Farmers in western Iraq tell Sofia Barbarani of the passion that keeps their spirits alive
Once prized across the Middle East, Iraq's dates industry clings to hope of better days
Every year, come rain or shine, Hajji Hassem would cram his car full of boxes of Iraq’s finest dates and embark on a three-day drive to Makkah in Saudi Arabia. There, he gifted the fruits to other joyful pilgrims undertaking hajj.
His most vivid memories, dating back to the 1980s, elicit a smile as he recounts road-tripping the almost 2,000km to the holy city. It was a time when the journey was deemed safe and Iraq’s world-renowned dates industry was thriving.
"The Saudis always used to ask us to bring dates from here, it was the best gift someone could take," said Hajji. "They thought it was a holy fruit."
Now 60, he owns a wholefoods fruit and vegetable shop in the heart of Fallujah's main bazaar. Much like his country, Hajji now finds himself weighed down by decades of turmoil.
His large frame forces him to pray on a chair rather than on the floor – the same chair he sits in sipping water, as he chronicles the golden years for Iraq’s 350 types of dates.
"All of the Arab countries knew in the 1980s and 1990s that Iraqi dates were the best," he says. Quality combined with quantity: a 28 kilogram box of dates would sell for less than $1 because the fruit was so readily available.
Even the American invaders who came in 2003 loved the dates. "Most bought the Zahdi types," says Hajji, referring to a dry kind of date. "They would just come in and stuff their pockets."
Years of sanctions, conflict and displacement, coupled with a precarious economy, culminated in a decline in the production and quality of the fruit. While global output of dates increased exponentially between 1978 and 2008, Iraq fell progressively behind.
In the 1990s the industry was affected by the sanctions imposed against Iraq after Saddam Hussein’s invasion of Kuwait.
In 2000, approximately one million metric tonnes of dates were produced – an increase of 748,900 tonnes from 1984, when fighting in the Iran-Iraq war was at its heaviest. The last 18 years, however, has seen a precipitous slump in Iraqi date production. By 2007, at the height of Iraq’s sectarian violence, it plummeted to only 350,000 tonnes annually.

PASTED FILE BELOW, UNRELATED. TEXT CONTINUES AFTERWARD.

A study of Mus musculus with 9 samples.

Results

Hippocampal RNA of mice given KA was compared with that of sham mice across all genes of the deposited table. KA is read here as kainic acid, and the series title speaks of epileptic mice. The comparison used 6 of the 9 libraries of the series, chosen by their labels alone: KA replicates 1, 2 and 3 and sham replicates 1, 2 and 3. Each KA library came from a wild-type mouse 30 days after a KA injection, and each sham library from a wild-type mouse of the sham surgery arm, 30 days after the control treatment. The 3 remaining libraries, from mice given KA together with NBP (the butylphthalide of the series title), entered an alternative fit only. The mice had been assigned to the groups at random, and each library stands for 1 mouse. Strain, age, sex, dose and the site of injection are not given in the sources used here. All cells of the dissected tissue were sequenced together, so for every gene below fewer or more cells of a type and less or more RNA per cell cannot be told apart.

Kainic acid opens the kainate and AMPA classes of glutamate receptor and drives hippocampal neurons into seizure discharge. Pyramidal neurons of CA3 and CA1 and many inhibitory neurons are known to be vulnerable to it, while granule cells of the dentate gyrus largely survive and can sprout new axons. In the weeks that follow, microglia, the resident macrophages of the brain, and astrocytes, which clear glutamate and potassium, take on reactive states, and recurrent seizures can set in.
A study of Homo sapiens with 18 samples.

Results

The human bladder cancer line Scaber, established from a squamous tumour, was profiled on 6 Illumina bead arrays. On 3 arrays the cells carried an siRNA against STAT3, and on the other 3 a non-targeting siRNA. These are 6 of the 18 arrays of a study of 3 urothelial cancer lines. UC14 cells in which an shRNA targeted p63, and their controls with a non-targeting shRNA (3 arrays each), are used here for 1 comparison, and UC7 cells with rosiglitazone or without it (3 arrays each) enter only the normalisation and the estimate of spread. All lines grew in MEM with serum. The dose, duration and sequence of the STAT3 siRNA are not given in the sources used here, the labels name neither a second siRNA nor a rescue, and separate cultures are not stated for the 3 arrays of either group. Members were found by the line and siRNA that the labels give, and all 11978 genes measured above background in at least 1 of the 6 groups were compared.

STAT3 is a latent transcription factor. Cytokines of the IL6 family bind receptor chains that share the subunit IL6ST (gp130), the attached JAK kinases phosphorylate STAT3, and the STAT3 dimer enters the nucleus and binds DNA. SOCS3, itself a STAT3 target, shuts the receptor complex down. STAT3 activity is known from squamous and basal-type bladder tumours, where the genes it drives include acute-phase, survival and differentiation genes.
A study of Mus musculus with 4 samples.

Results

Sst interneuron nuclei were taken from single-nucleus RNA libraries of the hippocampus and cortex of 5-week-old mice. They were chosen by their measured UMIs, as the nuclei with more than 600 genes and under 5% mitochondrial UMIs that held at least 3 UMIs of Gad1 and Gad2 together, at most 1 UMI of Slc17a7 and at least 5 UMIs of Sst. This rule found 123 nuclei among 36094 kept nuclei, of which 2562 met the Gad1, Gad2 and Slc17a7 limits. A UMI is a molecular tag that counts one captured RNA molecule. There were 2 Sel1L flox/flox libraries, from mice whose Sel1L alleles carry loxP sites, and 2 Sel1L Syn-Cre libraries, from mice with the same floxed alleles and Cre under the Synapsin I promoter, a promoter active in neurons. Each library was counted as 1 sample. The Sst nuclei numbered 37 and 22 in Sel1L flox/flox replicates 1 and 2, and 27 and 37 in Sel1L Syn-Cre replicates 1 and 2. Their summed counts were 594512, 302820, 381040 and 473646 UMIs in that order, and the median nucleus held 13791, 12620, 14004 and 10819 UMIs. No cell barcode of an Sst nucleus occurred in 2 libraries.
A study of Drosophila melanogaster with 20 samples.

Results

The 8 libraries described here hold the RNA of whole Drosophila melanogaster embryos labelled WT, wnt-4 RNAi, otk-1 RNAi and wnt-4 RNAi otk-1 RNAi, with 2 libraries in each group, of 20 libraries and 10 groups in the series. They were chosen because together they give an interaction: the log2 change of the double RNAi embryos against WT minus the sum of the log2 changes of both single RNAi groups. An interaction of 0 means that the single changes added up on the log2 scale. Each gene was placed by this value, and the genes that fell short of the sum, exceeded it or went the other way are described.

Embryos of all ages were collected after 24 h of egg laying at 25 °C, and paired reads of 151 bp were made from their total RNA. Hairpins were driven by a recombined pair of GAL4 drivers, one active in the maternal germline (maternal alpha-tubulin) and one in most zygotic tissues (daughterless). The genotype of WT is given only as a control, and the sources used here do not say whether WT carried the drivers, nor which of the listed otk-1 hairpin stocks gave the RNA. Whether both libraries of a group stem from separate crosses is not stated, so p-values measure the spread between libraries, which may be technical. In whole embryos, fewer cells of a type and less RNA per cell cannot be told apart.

"Due to the years of war and hardship the dates industry has gone through a decline," said Hameed Al Naef, a spokesman at Iraq's Ministry of Agriculture. "We used to have 30 million palm trees, but now it has dropped to 16 million."
Seeking to protect the lagging local industry, the central government in recent years banned imports from neighbouring countries. Possibly as a result, production rose to between 650,000 and 850,000 tonnes annually. Companies and individuals continue to import dates illegally, says Mr Al Naef, smuggling dates across the Iran-Iraq border, alongside contraband food, livestock, tobacco and even vehicles.
Back in the 1980s foreign dates were uncommon, and not well regarded. Today Hajji sells Iranian, Saudi and Iraqi dates, but "what we get the most are Iranian dates," he said dryly. "And they're no good."
In an effort to rebuild Iraq's ailing agriculture, in 2011 the central government envisioned a $150 million project to triple the number of date farms by 2021. But the plan was interrupted in late 2013 with the rise of ISIS.
The impact was dramatic.
In the leafy town of Karma, just 28 kilometres northeast of Fallujah, six hundred of Dr Adnan Al Jumaily's 1,000 palm trees were burned during clashes between ISIS and the Iraqi military. Drought piled on the agony.
During their three-year rule, ISIS cut off the irrigation canals that branched from the Euphrates to provide water to farms. They did this during the 2014 elections to flood and disable the road between Baghdad and Fallujah, explained Dr Al Jumaily, a tall man whose manicured thick, black moustache pokes out from a handsome face and piercing eyes.
But the original problem dates back much further, to the Iran-Iraq war, when the farms in the southern city of Basra were wrecked by warring factions. "It affected most of the farms, they were destroyed." Beyond the war, Saddam drained the south's swamps and chopped down palm trees in the thousands.
Younger generations do not see the fields as a way to make a living. Despite having swathes of arable land, more and more Anbaris are turning away from agriculture, searching instead for government jobs – still seen as the best and most secure employment available.
Lack of water and pesticides make farming a less appealing path. Local sheikhs also criticise the central government for not providing Anbaris with the necessary farm equipment for food production.
Flanked by hundreds of towering palm trees that his father and grandfather planted in the 1970s and 1980s, Dr Al Jumaily proudly walks between overgrown shrubs in sandals and a white thawb, the flowing robe of rural Iraqi men, carefully inspecting the charred logs.
But with no farmers to tend to it, the farm is wild in its disrepair. The seven employees he once had fled Karma when ISIS took over and they are still displaced. His home is empty also, after fleeing ISIS fighters and "liberating" Shiite militias looted his furniture.
"We're repairing step by step," says Dr Al Jumaily, standing against a backdrop of palm trees and a small murky lake.
Regardless of present difficulties, a sense of mission remains.